Apatheia - A state to strive for

What is the one thing I wish I had been taught at school?  Probably it would be the art of not panicking.  It's a skill that eludes many if not most of us.  The obstacles that we face from day to day make us emotional and emotions can be hard to deal with.  

Have you noticed that stuff always happens - the events of life take us by surprise and that which seemed so permanent just yesterday evaporates and reminds us of the impermanence of it all.  

Even the people we associate with can make our passage through life an uncomfortable journey.  A friend put it nicely

“You’re having a whale of a time … then suddenly on the horizon, you spot them – the emotional pirates. They rob us of our dreams, our self esteem and even our health” Mike McLaughlin

Spiritual teachers remind us of the importance of striving to live "in the moment" as an antidote to our human tendency to fret about the past and worry about the future - neither of which we can change.  

The ancient Stoics strived to domesticate their emotions.  Not as a way of denying events or their impact but as a way of always striving to find a way of looking at things that is a conscious choice rather than from a victim state. Ancient wisdom recognises that every situation, no matter how negative, actually also provides us with a positive benefit we can act on if only "we look for it". As challenging as that seems does getting upset or being swept along by negative emotions actually provide us with more options?

When you really think about it, It doesn't matter whether this seems to be the worst time to be alive or the best, whether the job market is good or bad - what matters right now is right now.

When we want to look at our emotional state right now there are clues in our mind body system. We can practice NLP, meditate, practice yoga or even mow the lawn.  There are many techniques that may or met not help in the moment.

With the technology we have today we can measure very easily how we are breathing, how our heart is beating and in fine detail identify the changing state of our autonomic nervous system.

 This is the observable aspect of how our emotions in the moment impact upon our body.  We can use these measurement tools to help people maintain health, seek higher performance and much more. Biofeedback takes this information and through a process of learning enable anyone to literally sense their state and make adjustments.  Whatever your goal in life, controlling emotions would be a positive thing.

"Would you have a great empire? Rule over yourself" - Publius Syrus

From when we are babies in arms we develop and store primitive emotional programmes that are basically about ensuring our survival.  The brain is learning to recognise “patterns” that represent threats to our survival.  When we are out and about in the world the part of the brain known as the amygdala matches our current situation with the stored patterns of threats.  If a “threat” is detected, a response is initiated and it is instantaneous.  The amygdala sends a signal to our physiological systems to power up our fight or flight mechanism and it literally disconnects us from our higher consciousness – in other words it stops us thinking!  Every cell in the body responds to the stimulus.  When someone cuts you up in traffic and you respond with what later seems like “irrational” behaviour – it’s this process at work.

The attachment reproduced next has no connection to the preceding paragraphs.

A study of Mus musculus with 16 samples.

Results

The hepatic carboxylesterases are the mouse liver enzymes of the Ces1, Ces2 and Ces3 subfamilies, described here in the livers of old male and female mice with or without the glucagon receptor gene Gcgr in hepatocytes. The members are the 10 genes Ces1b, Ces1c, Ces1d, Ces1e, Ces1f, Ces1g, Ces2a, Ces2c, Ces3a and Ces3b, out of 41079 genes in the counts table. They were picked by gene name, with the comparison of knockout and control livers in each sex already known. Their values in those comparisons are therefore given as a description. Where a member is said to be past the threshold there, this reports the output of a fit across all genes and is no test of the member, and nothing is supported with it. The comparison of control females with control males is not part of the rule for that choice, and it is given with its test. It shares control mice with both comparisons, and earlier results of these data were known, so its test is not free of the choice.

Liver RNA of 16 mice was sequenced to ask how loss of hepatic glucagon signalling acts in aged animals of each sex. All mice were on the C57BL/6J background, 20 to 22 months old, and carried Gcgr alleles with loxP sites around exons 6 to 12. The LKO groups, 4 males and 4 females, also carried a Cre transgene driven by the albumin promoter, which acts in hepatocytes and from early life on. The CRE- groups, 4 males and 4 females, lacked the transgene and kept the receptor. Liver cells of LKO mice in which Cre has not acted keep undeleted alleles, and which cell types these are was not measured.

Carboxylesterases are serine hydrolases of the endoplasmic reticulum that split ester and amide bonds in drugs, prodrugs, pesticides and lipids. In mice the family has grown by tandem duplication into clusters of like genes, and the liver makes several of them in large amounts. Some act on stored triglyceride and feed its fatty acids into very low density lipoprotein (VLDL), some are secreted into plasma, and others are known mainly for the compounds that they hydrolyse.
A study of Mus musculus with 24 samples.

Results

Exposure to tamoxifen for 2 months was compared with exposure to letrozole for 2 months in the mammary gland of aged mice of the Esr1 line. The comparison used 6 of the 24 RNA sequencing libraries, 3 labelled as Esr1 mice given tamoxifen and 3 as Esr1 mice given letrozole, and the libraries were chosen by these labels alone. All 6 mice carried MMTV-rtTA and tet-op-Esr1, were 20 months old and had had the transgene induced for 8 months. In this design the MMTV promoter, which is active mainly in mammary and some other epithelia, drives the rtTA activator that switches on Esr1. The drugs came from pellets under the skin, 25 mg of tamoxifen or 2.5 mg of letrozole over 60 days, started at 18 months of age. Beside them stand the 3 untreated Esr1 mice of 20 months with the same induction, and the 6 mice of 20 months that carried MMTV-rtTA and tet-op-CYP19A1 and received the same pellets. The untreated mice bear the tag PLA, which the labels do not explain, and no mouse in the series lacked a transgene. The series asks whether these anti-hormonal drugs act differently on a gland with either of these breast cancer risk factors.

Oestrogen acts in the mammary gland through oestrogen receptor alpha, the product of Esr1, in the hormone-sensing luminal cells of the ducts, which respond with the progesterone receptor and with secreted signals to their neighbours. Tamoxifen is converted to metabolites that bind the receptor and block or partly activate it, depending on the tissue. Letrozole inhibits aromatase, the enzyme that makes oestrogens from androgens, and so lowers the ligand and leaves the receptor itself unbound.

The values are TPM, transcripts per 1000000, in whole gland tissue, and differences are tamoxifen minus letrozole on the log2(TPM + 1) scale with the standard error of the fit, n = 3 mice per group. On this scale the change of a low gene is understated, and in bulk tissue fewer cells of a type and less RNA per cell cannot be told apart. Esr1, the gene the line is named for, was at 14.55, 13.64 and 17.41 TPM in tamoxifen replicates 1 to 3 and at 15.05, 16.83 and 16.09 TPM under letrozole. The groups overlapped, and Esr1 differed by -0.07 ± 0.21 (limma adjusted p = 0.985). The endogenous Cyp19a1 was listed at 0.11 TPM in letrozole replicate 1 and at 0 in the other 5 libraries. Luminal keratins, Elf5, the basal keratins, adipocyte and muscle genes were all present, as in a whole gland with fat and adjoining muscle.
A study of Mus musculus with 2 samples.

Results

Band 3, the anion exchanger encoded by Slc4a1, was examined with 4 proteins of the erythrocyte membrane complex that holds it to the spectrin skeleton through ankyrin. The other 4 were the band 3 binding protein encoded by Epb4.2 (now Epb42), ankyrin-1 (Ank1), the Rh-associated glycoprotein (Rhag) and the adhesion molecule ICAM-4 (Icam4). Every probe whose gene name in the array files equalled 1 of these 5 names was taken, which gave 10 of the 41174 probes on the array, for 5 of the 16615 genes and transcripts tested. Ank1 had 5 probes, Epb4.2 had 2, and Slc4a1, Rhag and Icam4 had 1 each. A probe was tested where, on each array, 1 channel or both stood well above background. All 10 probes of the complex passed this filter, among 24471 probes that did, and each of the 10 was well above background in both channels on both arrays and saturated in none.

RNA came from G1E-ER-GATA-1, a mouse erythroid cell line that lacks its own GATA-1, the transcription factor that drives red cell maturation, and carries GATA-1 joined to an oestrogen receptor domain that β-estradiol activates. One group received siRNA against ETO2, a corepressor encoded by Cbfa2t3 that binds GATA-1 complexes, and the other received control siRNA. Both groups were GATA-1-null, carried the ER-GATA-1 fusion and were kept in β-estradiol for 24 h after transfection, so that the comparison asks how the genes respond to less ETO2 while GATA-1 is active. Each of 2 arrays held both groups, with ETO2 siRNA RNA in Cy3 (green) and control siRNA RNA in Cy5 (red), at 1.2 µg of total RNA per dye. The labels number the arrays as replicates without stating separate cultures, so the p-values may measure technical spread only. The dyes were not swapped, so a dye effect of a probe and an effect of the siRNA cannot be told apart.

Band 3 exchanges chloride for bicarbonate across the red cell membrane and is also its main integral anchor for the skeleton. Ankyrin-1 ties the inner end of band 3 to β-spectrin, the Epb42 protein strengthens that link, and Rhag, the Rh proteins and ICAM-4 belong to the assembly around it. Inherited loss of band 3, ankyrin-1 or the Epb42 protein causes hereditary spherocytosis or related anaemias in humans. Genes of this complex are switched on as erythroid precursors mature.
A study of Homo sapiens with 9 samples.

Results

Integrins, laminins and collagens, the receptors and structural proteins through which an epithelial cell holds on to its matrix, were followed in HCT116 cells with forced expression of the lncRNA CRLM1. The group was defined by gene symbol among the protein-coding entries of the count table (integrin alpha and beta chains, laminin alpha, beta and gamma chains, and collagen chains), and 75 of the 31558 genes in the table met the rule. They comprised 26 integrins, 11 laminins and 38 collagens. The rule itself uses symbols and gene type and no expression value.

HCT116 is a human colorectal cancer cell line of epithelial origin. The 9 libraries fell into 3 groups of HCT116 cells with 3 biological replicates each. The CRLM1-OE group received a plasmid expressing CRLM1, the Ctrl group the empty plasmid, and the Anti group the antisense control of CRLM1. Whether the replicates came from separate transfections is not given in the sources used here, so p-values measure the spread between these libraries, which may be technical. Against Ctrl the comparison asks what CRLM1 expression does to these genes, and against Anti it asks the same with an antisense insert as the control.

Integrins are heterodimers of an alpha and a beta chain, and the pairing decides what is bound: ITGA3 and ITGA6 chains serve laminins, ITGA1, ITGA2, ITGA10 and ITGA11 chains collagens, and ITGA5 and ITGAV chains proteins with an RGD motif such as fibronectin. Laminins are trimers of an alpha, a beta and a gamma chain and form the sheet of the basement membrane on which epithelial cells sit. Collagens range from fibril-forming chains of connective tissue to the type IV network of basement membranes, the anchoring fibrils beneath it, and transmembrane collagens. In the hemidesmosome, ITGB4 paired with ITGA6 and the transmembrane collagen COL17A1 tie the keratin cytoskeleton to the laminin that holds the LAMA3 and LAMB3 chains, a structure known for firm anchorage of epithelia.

Our autonomic nervous system becomes out of balance as the so-called sympathetic pathway speeds up the body for high effort.  A million years ago, the effort of running away or fighting the threat would have burned off the adrenaline which floods into our system to allow this effort.  Today, there might not be such an opportunity and when repeated often, this adrenaline overload leads to increased risk of obesity, diabetes, hypertension, cancer, heart disease, stroke and the many other consequences of long term imbalance.

The job of the so called parasympathetic pathway of the autonomic nervous system is to slow down the body systems and release hormones that naturally neutralise the adrenaline.  Relaxation and meditation can bring this about but only slowly and anyway we may not be able to relax when it is most needed.  It’s not just the autonomic nervous system at work – it’s the molecules of emotion.  The hormonal system is slower acting but is extremely powerful and needs to be in balance too. 

We probably don’t yet know all of the hormones that flow to regulate our balance.  Two of the best known are DHEA which is associated with positive emotions, feelings of well-being and success, and Cortisol which is associated with negative emotions, feelings of submission and despair.  It is no good taking DHEA pills (although they exist) because what we need is balance – both in the fast response autonomic nervous system and in the slower response of the hormonal system.

Observing our emotions through the lens of physiological monitoring and then using biofeedback training is a powerful approach for keeping those emotions in check— if we can keep steady no matter what happens, no matter how much external events may fluctuate we are in state that humans have strived for for centuries.  

The ancient Stoics had a word for this state: apatheia. This is a state of calm equanimity that comes with the absence of irrational or extreme emotions.